The top four inside linebackers from the NFL's top 'D' return but do so under new guidance from new ILB coach Mark DeLeone new and defensive coordinator Chuck Pagano.
Rest assured, Danny Trevathan doesn't foresee any drop-off in him and fellow Pro Bowl alternate Roquan Smith.
“It’s linebacker friendly, it’s linebacker fun and it’s linebacker heaven with him,” Trevathan said in June of playing in Pagano's scheme.
Of course, Pagano is taking the torch of a Bears 'D' that's always marked the NFL's gold standard for linebacking and was in the expert hands of Vic Fangio. Still, expectations for the unit have rarely been higher than they are now.
Three burning questions:
What’s next for Roquan?
All he did in his Bears debut season — after missing the entirety of training camp and preseason in a contract squabble — was come within two tackles of Hall of Famer Brian Urlacher’s rookie franchise record and join Urlacher and John Roper as the only Bears since 1982 to record at least four sacks alongside an interception.
“First of all, outside of the white lines, unbelievable worker. Great person. Wants to be a great player," new LB coach Mark DeLeone said this spring of his star pupil who recorded a sack on his first-ever NFL snap. "And then on the field, I think he has the skill set where he can do everything. He’s a true three-down linebacker with elite tools, elite skills."
Although much was made of DeLeone's high praise, the Bears didn't spend the eighth overall pick on Smith a year ago without every expectation that he'd soon become an elite player. It's how quickly Smith flashed elite production, and how much room for growth remains in the 22-year-old, creating a palpable buzz in the middle of the defense.
“Well, potential don’t mean much, as you know," said the modest Smith, whose unique speed should only become more apparent and valuable this season as he harnesses it and the game continues slowing down around him.
Trevathan’s walk year?
He was easily at his best as a Bear in 2018, providing steadiness and veteran leadership on the field and in the locker room, especially in taking Smith under his wing and truncating the rookie's learning curve. But it was the penultimate season of Trevathan's four-year, $28 million deal, after he missed 11 combined games with injuries/suspension from 2015-16. After Prince Amukama and Akiem Hicks, he's the oldest key member of the Bears 'D,' and he comes with bigger durability concerns stemming from his position and play temperament.
GM Ryan Pace three years ago gave Willie Young an extension ahead of his age-31 contract season as Young was coming off the best stretch of his career ... could Trevathan be treated similarly? It's possible that with Cody Whitehair their only other serious extension candidate, the Bears could attempt to sign Trevathan before the season.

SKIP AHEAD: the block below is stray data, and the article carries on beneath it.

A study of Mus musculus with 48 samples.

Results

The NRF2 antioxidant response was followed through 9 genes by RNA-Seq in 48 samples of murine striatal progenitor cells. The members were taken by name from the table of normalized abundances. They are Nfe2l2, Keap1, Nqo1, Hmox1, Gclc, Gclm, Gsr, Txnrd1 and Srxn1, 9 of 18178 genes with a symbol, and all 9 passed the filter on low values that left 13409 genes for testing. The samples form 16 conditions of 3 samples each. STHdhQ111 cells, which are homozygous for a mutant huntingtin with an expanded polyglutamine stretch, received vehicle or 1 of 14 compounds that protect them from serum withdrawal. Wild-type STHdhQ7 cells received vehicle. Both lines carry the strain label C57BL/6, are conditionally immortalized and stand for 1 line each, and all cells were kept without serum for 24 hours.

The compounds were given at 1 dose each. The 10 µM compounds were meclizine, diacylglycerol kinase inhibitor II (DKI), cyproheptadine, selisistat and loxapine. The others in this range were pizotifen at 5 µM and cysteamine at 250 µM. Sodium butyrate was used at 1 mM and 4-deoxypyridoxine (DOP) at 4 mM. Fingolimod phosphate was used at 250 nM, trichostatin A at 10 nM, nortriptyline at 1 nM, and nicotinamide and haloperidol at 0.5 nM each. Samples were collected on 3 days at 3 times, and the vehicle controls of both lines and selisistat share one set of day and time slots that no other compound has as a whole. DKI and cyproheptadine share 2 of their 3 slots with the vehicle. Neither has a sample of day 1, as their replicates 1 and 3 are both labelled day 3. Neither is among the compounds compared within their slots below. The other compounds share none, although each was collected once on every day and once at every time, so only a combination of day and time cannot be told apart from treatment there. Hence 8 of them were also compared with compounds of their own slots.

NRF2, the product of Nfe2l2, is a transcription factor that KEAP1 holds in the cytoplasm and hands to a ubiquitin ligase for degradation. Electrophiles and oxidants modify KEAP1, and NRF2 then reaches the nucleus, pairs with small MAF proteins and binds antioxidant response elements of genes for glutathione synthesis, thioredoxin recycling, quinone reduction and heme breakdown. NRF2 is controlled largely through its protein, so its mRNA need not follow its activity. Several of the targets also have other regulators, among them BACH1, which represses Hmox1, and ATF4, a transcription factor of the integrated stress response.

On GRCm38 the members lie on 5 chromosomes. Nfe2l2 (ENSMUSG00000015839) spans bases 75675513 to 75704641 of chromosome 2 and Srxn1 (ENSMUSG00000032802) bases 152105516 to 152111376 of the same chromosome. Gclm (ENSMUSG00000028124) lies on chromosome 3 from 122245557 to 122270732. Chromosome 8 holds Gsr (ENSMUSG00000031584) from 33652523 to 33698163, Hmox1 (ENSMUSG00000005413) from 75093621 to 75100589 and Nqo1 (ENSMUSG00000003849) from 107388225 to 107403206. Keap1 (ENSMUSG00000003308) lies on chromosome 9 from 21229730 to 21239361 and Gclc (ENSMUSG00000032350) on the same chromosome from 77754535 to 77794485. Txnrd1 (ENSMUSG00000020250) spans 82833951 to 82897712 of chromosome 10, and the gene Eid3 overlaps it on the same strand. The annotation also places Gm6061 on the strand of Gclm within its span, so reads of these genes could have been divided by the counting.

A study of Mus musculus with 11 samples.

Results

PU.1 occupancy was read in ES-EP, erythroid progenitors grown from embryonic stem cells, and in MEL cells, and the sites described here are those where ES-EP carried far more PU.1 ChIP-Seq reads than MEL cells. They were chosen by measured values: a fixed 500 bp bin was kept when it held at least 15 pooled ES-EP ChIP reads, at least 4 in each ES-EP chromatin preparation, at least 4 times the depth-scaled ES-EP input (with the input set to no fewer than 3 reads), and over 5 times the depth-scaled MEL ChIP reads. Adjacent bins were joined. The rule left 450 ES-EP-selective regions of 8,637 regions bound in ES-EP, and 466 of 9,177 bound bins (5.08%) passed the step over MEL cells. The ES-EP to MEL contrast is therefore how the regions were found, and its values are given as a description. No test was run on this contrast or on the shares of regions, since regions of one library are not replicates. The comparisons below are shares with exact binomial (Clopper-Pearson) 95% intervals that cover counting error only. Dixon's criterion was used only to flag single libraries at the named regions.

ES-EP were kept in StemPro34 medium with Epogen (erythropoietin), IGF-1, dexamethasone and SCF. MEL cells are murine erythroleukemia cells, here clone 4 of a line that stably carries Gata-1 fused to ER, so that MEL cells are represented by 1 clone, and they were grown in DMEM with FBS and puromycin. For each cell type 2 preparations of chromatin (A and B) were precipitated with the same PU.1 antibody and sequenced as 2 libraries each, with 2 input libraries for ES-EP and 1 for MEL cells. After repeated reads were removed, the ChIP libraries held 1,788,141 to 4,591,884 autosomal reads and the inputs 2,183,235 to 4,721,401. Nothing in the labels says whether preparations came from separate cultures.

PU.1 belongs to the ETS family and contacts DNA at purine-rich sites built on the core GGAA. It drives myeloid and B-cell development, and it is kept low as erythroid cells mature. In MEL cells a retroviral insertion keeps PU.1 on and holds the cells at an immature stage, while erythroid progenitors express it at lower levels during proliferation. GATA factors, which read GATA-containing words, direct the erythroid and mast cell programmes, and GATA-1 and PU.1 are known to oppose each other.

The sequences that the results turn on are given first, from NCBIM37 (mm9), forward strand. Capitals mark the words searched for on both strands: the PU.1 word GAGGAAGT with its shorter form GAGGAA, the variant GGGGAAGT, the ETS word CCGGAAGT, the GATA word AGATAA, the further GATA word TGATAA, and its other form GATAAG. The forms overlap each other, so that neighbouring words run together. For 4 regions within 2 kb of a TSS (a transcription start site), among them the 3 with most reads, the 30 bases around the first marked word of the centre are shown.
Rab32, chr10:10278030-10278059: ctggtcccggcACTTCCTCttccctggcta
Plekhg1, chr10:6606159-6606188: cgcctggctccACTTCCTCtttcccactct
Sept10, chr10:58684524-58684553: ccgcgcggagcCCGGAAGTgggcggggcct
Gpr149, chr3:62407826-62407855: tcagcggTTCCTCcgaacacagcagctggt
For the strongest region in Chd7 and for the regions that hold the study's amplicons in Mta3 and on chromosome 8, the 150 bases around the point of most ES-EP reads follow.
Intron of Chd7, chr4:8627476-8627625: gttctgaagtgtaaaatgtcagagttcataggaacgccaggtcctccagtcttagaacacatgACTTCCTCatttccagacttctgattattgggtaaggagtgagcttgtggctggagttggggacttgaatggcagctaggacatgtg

But tricky extension decisions loom on younger, more dynamic homegrown Bears as early as next offseason, also potentially positioning this year as the bridge to finding Trevathan's heir.
Is Smith's future running mate on roster?
With a new defensive coordinator and linebacker coaches and a renewed special teams emphasis, the backup hierarchy isn't necessarily locked in. Though top reserve Nick Kwiatkoski and top special teams tackler Joel Iyiegbuniwe are back, the former is limited on defense, where the latter logged sparse meaningful reps last season as a fourth-round rookie.
Moreover, the Bears signed athletic special teams demon Kevin Pierre-Louis, who played under DeLeone and Matt Nagy, and the team appears high on Josh Woods, who spent his rookie season on the practice squad after going undrafted out of Maryland. Consider it an open competition behind the two stalwarts.
The best-case scenario is that Iggy soaks up Trevathan's knowledge, showing starting upside behind the scenes in Year 2 and projects as an affordable partner for Smith in 2020 and beyond.
Bears ILB corps will be among the NFL's best if ...
It stays the course. Trevathan and Smith didn't even have a preseason together and developed their rapport on the fly. With Thomas Davis no longer in Carolina, Telvin Smith out in Jacksonville and K.J. Wright coming off his least productive season in Seattle, Chicago could boast football's best LB duo.
The wheels will fall off this unit if ...
Obviously, Smith suffering an injury could be cataclysmic. But because he and Trevathan are slightly undersized and benefit greatly from the behemoths covering them, the health of Akiem Hicks and Eddie Goldman is also vital.